Istradefylline Approved for Parkinson Add-On Therapy


After being approved in Japan in 2013, the selective adenosine A 2A receptor antagonist was given the OK as an add-on to levodopa/carbidopa treatment in adults with Parkinson disease.

Dr Eric Bastings

Eric Bastings, MD, acting director of the Division of Neurology Products in the FDA Center for Drug Evaluation and Research

Eric Bastings, MD

The FDA has given the go-ahead to Kyowa Kirin for its istradefylline (Nourianz) tablets as an add-on therapy to levodopa/carbidopa in adults with Parkinson disease who are experiencing off episodes.1

Ultimately, the selective adenosine A 2A receptor antagonist’s approval was based on its success in 4 clinical studies which lasted 12 weeks and included more than 1100 participants in which statistically significant decreases from baseline in daily off time compared to placebo were observed.

The treatment was previously put before the FDA a decade ago, though Kyowa Kirin (then known as Kyowa Hakko Kogyo) received a not approvable letter in February 2008 for its submission, with the agency requesting additional clinical follow-up data as well as an overall summary of nonclinical mineralization findings.2 It has been approved for use in Japan as Nouriast since May 2013.

"Parkinson disease is a debilitating condition that profoundly impacts patients' lives," said Eric Bastings, MD, acting director of the Division of Neurology Products in the FDA’s Center for Drug Evaluation and Research, in a statement. "We are committed to helping make additional treatments for Parkinson disease available to patients."

This new submission to the FDA was supported in part by data including a phase 3 randomized, multicenter, placebo-controlled, double-blind study in patients with Parkinson disease who were taking a consistent dose of levodopa/carbidopa in combination with or without additional medications for their disease. The trial, announced in 2013, was developed under a Special Protocol Assessment (SPA) agreement with the FDA (NCT01968031).3

In 2016, the 12-week trial results showed a trend toward a greater decrease in daily off-time compared with placebo for both the 20-mg and 40-mg doses. Although, there was no statistically significant difference in the primary outcome measure—change from baseline in daily off-time—at week 12 compared with the placebo group. With regard to safety, istradefylline was deemed well-tolerated at both doses.4

In October 2018, data from an interim analysis of a post-marketing surveillance study conducted in Japan, which included 476 patients, showed that the drug was rated as effective in 61.3% of patients, as determined by physician’s global assessment, and the Unified PD Rating Scale (UPDRS) Part III score decreased from 33.7 to 30.3 from baseline. The treatment was again shown to be generally well-tolerated, although dyskinesia and hallucinations were reported as the most common adverse drug reactions.5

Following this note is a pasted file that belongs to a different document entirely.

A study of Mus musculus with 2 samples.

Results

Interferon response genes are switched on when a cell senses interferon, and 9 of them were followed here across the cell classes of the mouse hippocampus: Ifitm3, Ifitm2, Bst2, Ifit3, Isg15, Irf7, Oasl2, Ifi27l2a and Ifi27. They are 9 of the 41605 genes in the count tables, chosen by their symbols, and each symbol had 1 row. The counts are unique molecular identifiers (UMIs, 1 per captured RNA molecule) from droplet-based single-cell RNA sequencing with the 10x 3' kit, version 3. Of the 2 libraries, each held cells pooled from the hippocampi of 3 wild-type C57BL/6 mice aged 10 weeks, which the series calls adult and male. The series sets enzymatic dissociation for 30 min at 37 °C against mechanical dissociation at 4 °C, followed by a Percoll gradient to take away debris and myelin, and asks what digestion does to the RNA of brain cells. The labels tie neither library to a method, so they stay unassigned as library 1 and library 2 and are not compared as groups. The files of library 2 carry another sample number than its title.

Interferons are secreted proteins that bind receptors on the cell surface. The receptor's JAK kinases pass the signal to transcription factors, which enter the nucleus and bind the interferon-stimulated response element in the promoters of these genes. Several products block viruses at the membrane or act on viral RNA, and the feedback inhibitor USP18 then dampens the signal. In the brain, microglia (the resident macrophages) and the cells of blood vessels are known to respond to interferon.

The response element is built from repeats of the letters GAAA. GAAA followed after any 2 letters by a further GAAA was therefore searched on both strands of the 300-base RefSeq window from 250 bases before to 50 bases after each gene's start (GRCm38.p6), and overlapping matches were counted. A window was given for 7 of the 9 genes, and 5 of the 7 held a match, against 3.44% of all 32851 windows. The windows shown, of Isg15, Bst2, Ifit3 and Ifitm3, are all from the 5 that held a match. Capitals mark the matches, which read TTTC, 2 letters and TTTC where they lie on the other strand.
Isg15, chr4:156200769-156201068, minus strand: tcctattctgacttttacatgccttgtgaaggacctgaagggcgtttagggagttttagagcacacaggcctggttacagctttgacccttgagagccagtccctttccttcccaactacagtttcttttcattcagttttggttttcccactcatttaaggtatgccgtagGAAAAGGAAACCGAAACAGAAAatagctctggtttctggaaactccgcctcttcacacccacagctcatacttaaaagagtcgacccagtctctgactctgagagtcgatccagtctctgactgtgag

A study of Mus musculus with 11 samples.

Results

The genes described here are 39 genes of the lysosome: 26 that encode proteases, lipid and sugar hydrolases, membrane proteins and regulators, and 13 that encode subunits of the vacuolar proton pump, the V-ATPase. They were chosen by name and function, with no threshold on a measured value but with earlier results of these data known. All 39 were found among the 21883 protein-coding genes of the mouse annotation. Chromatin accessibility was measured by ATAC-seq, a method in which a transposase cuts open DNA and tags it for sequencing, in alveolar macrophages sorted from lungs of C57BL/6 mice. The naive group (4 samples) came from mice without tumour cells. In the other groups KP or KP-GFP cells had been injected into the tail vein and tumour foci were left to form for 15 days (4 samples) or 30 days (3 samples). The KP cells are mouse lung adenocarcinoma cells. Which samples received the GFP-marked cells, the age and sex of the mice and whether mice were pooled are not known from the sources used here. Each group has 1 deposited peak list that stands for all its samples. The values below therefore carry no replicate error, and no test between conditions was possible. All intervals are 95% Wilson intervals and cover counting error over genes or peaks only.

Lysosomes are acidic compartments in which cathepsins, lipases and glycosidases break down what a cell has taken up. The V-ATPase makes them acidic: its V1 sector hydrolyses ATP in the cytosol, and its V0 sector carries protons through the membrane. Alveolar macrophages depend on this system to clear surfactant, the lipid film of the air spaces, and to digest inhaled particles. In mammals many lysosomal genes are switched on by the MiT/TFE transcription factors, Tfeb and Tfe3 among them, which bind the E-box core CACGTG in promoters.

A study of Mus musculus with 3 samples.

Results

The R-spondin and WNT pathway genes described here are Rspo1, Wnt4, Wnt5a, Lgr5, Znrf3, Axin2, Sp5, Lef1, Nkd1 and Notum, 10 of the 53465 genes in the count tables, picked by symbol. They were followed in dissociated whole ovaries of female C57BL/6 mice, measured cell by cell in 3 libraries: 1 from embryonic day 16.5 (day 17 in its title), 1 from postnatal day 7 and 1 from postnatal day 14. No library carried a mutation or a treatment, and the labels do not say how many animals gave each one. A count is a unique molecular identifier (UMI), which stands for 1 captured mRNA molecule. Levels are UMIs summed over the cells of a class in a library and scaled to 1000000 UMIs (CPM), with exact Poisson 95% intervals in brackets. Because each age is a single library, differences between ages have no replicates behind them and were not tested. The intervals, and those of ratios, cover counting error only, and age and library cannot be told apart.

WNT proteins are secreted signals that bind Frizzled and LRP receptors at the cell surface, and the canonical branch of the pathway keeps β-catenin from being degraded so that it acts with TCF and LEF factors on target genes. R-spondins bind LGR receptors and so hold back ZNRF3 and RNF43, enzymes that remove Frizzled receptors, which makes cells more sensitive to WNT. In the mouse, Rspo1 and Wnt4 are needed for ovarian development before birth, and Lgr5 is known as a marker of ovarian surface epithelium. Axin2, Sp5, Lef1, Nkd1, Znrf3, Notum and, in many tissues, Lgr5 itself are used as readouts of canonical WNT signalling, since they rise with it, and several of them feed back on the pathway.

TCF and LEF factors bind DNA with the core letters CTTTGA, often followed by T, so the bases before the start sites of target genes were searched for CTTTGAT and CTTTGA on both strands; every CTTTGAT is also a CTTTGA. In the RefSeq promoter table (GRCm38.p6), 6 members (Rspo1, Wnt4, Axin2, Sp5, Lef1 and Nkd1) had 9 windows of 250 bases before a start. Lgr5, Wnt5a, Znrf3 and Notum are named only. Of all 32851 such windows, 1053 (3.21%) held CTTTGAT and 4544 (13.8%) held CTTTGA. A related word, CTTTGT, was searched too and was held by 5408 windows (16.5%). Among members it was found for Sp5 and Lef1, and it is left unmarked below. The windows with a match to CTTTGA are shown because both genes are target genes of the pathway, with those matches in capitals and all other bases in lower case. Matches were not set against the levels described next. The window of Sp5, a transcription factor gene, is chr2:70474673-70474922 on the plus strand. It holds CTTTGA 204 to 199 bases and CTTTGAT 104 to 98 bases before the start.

As for efficacy, ultimately, off time was reduced in 38.2% of patients and off-time symptoms were reported as improved or markedly improved in 44.7% of patients. Additionally, motor dysfunction was improved or markedly improved in 48.5% of patients.

In a 2008 study of the therapy which included 196 patients, the decrease of daily awake off time for istradefylline was a mean of −10.8 ±16.6% (95% CI, -13.46 to -7.52) from baseline, compared with -4.0 ±15.7% (95% CI, -7.73 to 0.31; P = .007) for placebo. The investigators noted that the treatment effect “corresponded to changes from baseline in total daily awake off time,” which were -1.8 ± 2.8 hours in the treatment group and -0.6 ± 2.7 hours for placebo (P = .005). Treatment‐emergent adverse events with istradefylline were considered mild in that trial.6

At the time of its NDA acceptance by the FDA in April 2019, Jeffrey S. Humphrey, MD, president and chief medical officer, Kyowa Kirin Pharmaceutical Development, said in a statement that the company was “excited by the possibility of bringing a new medicine to people living with Parkinson disease” and that there is a “significant need for new treatments.”


1. FDA approves new add-on drug to treat off episodes in adults with Parkinson’s disease [press release]. White Oak, MD: FDA; Published August 27, 2019. Accessed August 27, 2019.

2. Kyowa Hakko Receives Not Approvable Letter from FDA for Istradefylline (KW-6002) [press release]. New Jersey, US: Kyowa Hakko Kogyo; Published February 28, 2008. Accessed August 27, 2019.

3. Kyowa Hakko Kirin Initiates a Global Phase 3 Trial of Istradefylline (KW-6002) for Parkinson's Disease [press release]. Tokyo, Japan: Kyowa Hakko Kirin Co; Published November 21, 2013. Accessed August 27, 2019. 4. Kyowa Hakko Kirin Announces Top-Line Results of Global Phase 3 Trial of

KW-6002 (Istradefylline) for Parkinson's Disease [press release]. Tokyo, Japan: Kyowa Hakko Kirin Co; Published December 13, 2016. Accessed August 27, 2019.

5. Takahashi M, Fujita M, Asai N, Saki M, Mori A. Safety and effectiveness of istradefylline in patients with Parkinson's disease: interim analysis of a post-marketing surveillance study in Japan. Expert Opin Pharmacother. 2018;19(15):1635-1642. doi: 10.1080/14656566.2018.1518433.

6. LeWitt PA, Guttman M, Tetrud JW, et al. Adenosine A2A receptor antagonist istradefylline (KW‐6002) reduces “off” time in Parkinson's disease: A double‐blind, randomized, multicenter clinical trial. Ann Neurol. 2008;63(3):295-302. doi: 10.1002/ana.21315.